Yesterday I failed to add to the list of magical powers I possess the ability to make football teams lose. I have always believed that all I have to do is root for a team to win and they will lose. I have tested out this power thoroughly over the years. Through most of my life I thoroughly detested the Dallas Cowboys. I hated the way they always seemed to have the advantage, the way they would always injure players on my favorite teams and force them out of football for the rest of the season, and they would always win. Even after moving to Texas and, still rooting for the St. Louis Cardinals even after they moved to Arizona, I rooted against the Cowboys in every game they played. I am amazed that they didn’t go undefeated for three decades. But a little miracle called “General Manager Jerry Jones” happened to the Cowboys. I moved to Dallas at a time when the team was being dismantled and dismembered by a magical ability of Jerry’s that seems very similar to my own. The Cowboys became the underdog. So much so that I actually began to root for them when they were not playing the Cardinals. This, of course, magnified Jerry’s magical gifts tenfold. The Cowboys became the same kind of perennial losers the Cardinals had always been.
So, you can easily see that I am one of those superstitious nerd-body nincompoops who always pulls for the underdog. I admit to helping the Boston Redsox win their first World Series at the end of “Babe Ruth’s Curse”. Those perennial also-rans benefited from playing my beloved Cardinals’ baseball team. So I rooted against them fiercely, and they won. In fact, underdogs sometimes win even in spite of magical ability. Some times they just have to win. In 2006 the Cardinals won the World Series on the strength of Chris Carpenter’s throwing arm and Albert Pujols’ bat, along with a team of underdogs and ne’er-do-wells who all played far above themselves. I rooted for them every step of the way. And we lost some battles, but we won the war. Such is the way it must be in this world. The ultimate victory belongs to the Underdog, the unlikely superhero that is sometimes confused with a flying frog.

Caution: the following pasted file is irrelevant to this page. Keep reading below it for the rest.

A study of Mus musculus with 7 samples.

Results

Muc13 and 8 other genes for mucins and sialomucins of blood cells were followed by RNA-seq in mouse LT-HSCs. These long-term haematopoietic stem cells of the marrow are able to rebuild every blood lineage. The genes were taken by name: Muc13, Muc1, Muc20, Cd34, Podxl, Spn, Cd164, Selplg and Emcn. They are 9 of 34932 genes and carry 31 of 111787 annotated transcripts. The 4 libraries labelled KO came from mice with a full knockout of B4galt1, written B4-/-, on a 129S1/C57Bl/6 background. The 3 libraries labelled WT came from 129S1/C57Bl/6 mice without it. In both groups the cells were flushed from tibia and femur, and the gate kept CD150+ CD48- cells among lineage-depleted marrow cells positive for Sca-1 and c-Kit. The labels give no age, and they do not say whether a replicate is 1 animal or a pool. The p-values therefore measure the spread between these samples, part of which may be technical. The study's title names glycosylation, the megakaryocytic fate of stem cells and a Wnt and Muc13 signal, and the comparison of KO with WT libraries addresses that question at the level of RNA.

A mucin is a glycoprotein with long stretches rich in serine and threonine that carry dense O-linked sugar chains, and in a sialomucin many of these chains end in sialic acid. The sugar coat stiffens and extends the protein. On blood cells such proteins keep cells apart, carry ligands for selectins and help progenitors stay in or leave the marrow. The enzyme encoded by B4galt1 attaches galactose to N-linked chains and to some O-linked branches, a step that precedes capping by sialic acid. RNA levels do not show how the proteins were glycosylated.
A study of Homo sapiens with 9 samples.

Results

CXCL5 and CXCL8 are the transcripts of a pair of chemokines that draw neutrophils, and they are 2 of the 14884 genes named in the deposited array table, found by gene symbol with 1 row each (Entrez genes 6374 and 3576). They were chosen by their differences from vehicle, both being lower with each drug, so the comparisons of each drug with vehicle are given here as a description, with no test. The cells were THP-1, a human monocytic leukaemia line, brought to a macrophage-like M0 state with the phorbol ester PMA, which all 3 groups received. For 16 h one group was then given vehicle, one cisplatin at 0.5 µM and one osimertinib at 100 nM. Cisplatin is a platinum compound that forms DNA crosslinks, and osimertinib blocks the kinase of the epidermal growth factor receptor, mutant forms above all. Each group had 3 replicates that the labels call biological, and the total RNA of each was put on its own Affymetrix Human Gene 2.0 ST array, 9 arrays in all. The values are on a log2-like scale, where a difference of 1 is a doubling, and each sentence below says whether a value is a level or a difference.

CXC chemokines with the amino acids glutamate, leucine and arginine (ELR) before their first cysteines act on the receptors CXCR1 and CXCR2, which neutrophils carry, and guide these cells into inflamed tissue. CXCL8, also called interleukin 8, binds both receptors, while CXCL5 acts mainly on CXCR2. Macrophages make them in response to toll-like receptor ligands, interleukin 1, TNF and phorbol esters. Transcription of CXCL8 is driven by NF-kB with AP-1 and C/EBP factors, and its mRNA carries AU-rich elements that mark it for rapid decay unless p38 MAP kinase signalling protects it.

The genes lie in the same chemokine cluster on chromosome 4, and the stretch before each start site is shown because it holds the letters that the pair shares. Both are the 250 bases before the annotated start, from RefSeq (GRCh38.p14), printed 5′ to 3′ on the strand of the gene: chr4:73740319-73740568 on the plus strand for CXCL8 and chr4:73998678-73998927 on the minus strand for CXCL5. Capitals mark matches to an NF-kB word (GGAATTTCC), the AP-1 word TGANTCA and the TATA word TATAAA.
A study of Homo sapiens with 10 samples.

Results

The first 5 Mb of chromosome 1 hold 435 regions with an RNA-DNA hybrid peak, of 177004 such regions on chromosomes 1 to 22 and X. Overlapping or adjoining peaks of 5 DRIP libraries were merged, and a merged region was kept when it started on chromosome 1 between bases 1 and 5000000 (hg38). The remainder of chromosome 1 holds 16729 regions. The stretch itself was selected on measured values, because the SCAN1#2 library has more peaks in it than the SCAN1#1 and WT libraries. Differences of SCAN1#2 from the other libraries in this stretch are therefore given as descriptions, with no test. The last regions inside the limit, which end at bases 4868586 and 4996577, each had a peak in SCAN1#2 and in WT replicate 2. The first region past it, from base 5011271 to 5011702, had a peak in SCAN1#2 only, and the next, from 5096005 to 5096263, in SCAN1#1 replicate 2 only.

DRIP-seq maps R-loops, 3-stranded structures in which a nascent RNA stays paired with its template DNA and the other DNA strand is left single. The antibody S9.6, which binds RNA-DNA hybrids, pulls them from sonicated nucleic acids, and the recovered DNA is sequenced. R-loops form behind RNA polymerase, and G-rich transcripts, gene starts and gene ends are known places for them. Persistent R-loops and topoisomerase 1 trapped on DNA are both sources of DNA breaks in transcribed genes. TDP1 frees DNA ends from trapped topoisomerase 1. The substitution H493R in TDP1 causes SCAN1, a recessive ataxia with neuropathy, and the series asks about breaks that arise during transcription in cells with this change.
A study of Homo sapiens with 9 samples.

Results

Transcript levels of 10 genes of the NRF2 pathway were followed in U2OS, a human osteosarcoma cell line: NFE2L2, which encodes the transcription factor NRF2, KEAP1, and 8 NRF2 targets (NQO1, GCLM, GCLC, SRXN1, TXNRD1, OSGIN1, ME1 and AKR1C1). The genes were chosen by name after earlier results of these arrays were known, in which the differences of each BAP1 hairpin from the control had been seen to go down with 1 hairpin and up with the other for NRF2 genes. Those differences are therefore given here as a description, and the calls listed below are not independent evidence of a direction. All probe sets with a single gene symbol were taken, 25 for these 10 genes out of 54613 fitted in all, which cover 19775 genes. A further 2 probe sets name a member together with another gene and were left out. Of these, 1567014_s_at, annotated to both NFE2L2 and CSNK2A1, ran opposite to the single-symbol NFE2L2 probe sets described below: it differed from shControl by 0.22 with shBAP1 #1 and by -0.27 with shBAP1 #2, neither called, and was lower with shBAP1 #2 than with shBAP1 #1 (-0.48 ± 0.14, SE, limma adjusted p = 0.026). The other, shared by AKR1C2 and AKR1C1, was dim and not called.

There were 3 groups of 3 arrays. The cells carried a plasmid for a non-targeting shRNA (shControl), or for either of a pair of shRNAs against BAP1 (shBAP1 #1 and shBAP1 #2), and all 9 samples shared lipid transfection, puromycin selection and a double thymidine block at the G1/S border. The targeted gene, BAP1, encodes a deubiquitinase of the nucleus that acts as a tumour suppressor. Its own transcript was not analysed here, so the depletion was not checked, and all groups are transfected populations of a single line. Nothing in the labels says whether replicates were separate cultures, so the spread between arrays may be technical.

The football Arizona Cardinals came through for me again in the same way last night. They were up against another good team in the Minnesota Vikings. And in spite of the fact that I was rooting for them every step of the way, I saw them pull victory from the jaws of imminent defeat. With mere seconds left, they created a fumble and recovered it, preventing a game-tying field goal that was practically in the bag. The Cardinals are now in the playoffs with an 11 and 2 record, poised to make another run at the Superbowl. That may not seem like an underdog to you, but if you look back over the years of rooting for a team that was often the butt of jokes and were usually losers like the current Cowboys are, then you can see that these are underdogs at the end of a long, long uphill climb. And aren’t we all like that most of the time? Aren’t we all climbing the mountainside in spite of numerous avalanches, storms, and falls?
Listening to the radio station KLUV doing their annual radiothon for Children’s Hospital while taking my daughter to school this morning, I heard the heartbreaking story of a little boy who is both autistic and epileptic. Apparently he collapsed in school, and when taken to Children’s ER, was found to have leukemia as well. I had to stop the car and cry for ten minutes. It never seems fair to have to listen to stories like that. You want to help the underdog to win. But you feel totally powerless. I don’t have enough money to pay my own medical expenses, and my daughter had to come home early with a fever. But believe me, I had to donate $20 to Children’s Hospital. It is a tiny, meaningless amount… but the magic is in the doing and the believing. I will continue to use my goofy magic to the very best of my ability.